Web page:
Children and Women in Iraq
The last 25 years
At the end of the 1970s Iraq was one of the richest and most developed nations in the Middle East with a thriving economy fuelled by sales from its huge oil reserves. From 1975 to 1985, massive social investment by the Government raised standards of living and improved the country's social sectors.
Two decades later, the situation has changed dramatically. Two devastating wars damaged much of the country's infrastructure, and twelve years of international sanctions have limited Iraq's ability to rebuild and invest in social systems such as health care. All of these factors have had a major impact on children.
The Benefits of Oil for Food (OFFP)
Since 1996, the UN has been implementing the OFFP, which allows the Iraqi Government to export oil. Some of the proceeds are then used to purchase humanitarian supplies such as food and medicines. Overall, these efforts appear to have improved the humanitarian situation in the country and prevented a further deterioration in conditions.
OFFP, however, is only designed to ensure that Iraqis have access to food and medicine. As a result, children's long-term future remains seriously compromised. This is because key aspects of children's development, such as education, have not benefited from the OFFP and are not meeting children's needs.
UNICEF's 1999 child and maternal mortality survey revealed a dramatic increase in under-five mortality rates. The survey showed that had Iraq continued to invest in its social sector, between 1990 and 1998 500,000 more children would have survived beyond their fifth birthday.
Currently, one in eight Iraqi children die before the age of five - one of the world's worst child mortality rates.
In 1996, poverty, and a serious lack of food resulted in acute child malnutrition in 11 per cent of children aged under five. Today, the rate has been cut to 4 per cent: the result of the OFFP, the implementation of a UNICEF-supported 'early-warning' child nutrition screening programme, and two good years of rainfall and harvests.
Despite this improvement, 1 million Iraqi children under five continue to suffer from chronic malnutrition.
One-quarter of school-aged Iraqi children do not attend school. Within this figure there are sharp differences between urban and rural children, and between boys and girls. Thirty-nine per cent of rural children, and 16.2 per cent of urban children do not attend primary school. Half of all girls in rural areas do not attend school, compared to one-fifth of urban girls. In addition, an estimated 70 per cent of schools are in need of repair.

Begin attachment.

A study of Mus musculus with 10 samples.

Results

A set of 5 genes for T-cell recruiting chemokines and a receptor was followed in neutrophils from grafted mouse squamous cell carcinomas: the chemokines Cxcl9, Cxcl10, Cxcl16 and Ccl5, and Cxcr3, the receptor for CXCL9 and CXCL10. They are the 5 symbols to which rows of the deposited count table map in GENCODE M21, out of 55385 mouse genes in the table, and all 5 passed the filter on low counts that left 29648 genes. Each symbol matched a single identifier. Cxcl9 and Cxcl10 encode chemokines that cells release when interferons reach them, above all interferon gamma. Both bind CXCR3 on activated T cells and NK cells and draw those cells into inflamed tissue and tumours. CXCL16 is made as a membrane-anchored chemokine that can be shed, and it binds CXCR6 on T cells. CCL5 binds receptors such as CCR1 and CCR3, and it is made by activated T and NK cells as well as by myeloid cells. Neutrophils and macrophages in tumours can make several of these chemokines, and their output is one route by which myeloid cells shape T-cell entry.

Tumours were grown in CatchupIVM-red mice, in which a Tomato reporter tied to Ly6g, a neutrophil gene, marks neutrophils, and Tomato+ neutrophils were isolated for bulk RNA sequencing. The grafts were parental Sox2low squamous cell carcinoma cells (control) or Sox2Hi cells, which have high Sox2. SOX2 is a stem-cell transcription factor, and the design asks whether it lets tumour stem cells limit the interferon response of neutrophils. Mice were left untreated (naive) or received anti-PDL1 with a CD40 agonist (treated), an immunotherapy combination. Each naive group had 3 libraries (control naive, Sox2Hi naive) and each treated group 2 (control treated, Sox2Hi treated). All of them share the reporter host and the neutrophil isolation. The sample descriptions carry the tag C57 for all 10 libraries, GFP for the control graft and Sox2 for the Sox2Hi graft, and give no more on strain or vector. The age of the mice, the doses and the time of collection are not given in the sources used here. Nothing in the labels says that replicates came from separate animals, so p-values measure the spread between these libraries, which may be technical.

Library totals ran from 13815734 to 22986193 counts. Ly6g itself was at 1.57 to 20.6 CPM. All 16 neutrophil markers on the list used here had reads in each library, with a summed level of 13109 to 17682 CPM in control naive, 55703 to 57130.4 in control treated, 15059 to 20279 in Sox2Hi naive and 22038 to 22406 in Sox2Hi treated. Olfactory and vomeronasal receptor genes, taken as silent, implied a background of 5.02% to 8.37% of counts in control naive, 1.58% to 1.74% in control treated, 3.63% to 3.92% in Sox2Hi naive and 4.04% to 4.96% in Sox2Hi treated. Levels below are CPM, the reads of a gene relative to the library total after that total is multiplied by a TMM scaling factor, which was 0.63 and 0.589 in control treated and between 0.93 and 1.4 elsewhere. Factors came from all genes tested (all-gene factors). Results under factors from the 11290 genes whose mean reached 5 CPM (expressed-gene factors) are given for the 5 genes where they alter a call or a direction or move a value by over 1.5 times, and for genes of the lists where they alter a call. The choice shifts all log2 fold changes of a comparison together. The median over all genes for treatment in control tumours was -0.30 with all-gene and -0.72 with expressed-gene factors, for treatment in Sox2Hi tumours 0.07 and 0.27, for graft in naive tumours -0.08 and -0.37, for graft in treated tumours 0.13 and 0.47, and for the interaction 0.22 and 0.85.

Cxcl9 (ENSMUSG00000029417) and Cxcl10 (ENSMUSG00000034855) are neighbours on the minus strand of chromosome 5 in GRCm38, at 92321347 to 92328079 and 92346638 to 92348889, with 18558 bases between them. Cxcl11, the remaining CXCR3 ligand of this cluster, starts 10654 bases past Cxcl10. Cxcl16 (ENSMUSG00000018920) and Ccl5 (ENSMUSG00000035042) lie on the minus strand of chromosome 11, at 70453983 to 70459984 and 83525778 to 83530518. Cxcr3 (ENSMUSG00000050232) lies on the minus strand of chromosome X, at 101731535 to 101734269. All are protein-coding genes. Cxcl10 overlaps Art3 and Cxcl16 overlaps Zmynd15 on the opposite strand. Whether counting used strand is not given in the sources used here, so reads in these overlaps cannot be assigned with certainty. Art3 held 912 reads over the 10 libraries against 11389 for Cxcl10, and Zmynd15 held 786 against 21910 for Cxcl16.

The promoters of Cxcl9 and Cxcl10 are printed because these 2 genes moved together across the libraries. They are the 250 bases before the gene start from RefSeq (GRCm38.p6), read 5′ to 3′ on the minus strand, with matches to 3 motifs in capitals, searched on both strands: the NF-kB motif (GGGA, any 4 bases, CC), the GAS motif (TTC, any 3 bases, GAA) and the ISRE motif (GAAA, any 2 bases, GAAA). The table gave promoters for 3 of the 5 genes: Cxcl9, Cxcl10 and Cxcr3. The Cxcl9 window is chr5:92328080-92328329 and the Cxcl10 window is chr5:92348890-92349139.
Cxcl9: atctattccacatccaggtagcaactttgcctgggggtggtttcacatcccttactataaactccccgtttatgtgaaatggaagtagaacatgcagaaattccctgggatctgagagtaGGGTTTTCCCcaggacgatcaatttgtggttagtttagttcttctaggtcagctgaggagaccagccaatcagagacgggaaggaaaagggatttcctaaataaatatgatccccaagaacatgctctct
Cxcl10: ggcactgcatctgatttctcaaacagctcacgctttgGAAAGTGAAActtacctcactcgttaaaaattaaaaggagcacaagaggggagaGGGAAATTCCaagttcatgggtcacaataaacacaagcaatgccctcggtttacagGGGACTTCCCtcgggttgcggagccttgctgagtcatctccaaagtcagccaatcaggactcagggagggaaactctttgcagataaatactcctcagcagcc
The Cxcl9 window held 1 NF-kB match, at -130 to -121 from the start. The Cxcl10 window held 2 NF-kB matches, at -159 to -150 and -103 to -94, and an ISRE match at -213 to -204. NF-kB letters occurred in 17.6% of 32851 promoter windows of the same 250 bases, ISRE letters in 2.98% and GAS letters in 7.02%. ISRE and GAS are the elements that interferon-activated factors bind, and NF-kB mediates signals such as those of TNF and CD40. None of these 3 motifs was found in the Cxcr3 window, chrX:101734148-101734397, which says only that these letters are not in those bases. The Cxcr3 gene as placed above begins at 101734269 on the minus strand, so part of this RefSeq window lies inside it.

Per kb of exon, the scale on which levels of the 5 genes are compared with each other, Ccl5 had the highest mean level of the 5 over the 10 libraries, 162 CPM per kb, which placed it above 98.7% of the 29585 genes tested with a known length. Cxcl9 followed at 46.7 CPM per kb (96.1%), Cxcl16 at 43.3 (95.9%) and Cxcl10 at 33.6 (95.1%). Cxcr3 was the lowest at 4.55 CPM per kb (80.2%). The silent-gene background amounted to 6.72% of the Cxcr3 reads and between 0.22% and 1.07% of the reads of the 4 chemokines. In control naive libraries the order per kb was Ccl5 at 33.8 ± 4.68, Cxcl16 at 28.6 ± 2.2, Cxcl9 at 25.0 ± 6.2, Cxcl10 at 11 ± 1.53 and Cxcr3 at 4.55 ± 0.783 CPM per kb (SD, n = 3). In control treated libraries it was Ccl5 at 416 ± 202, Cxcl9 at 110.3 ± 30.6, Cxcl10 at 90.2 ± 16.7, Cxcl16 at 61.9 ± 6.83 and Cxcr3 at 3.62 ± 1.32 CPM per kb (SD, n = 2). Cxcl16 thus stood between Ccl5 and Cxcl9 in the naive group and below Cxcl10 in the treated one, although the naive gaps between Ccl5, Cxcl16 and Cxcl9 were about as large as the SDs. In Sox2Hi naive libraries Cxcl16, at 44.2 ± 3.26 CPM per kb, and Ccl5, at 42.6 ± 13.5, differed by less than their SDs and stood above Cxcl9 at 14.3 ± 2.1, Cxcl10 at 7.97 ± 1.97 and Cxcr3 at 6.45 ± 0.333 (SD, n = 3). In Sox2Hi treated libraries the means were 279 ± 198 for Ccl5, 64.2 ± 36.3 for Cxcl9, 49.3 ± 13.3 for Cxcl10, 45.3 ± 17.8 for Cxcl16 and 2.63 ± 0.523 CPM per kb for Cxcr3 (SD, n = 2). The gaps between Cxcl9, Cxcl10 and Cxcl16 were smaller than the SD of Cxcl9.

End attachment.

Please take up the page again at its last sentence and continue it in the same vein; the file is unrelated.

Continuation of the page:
Increasingly, children are staying away from school to work and help supplement their family's income.
Water and sanitation
Water and sanitation services deteriorated rapidly during the wars and have proved difficult to repair. Part of the problem is that while parts can be purchased through OFFP, labour, repair and maintenance costs cannot always be met.
Currently, 5 million people -- more than a fifth of the population -- do not have access to clean water. The decline in the quantity and quality of Iraq's water supply has contributed to an increase in the incidence of water-borne diseases and malnutrition among children. Each day 500,000 metric tonnes of raw sewage are dumped into fresh water sources - 300,000 metric tonnes in Baghdad alone.
The jump in poverty levels and decline in infrastructure has resulted in a significant rise in the number of children in need of special protection. They include street children, children with disabilities, abandoned and orphaned children, children in conflict with the law and children involved in especially dangerous child labour.
Owing to Iraq's relative isolation in the last twelve years, the official response to the problems experienced by such children can be outmoded, and often emphasises placing children in institutions -- isolating them from their families and communities.
The impoverishment of the Iraqi people is having a far-reaching impact on children. The Government, for example, no longer enforces compulsory education laws, as so many children are working to help support their families.
A steeply depreciated Iraqi Dinar has affected the already-low salaries of teachers, health workers and civil servants. In turn, low salaries have forced some workers to supplement their income with second jobs, affecting the quality of already-fragile services for children and women.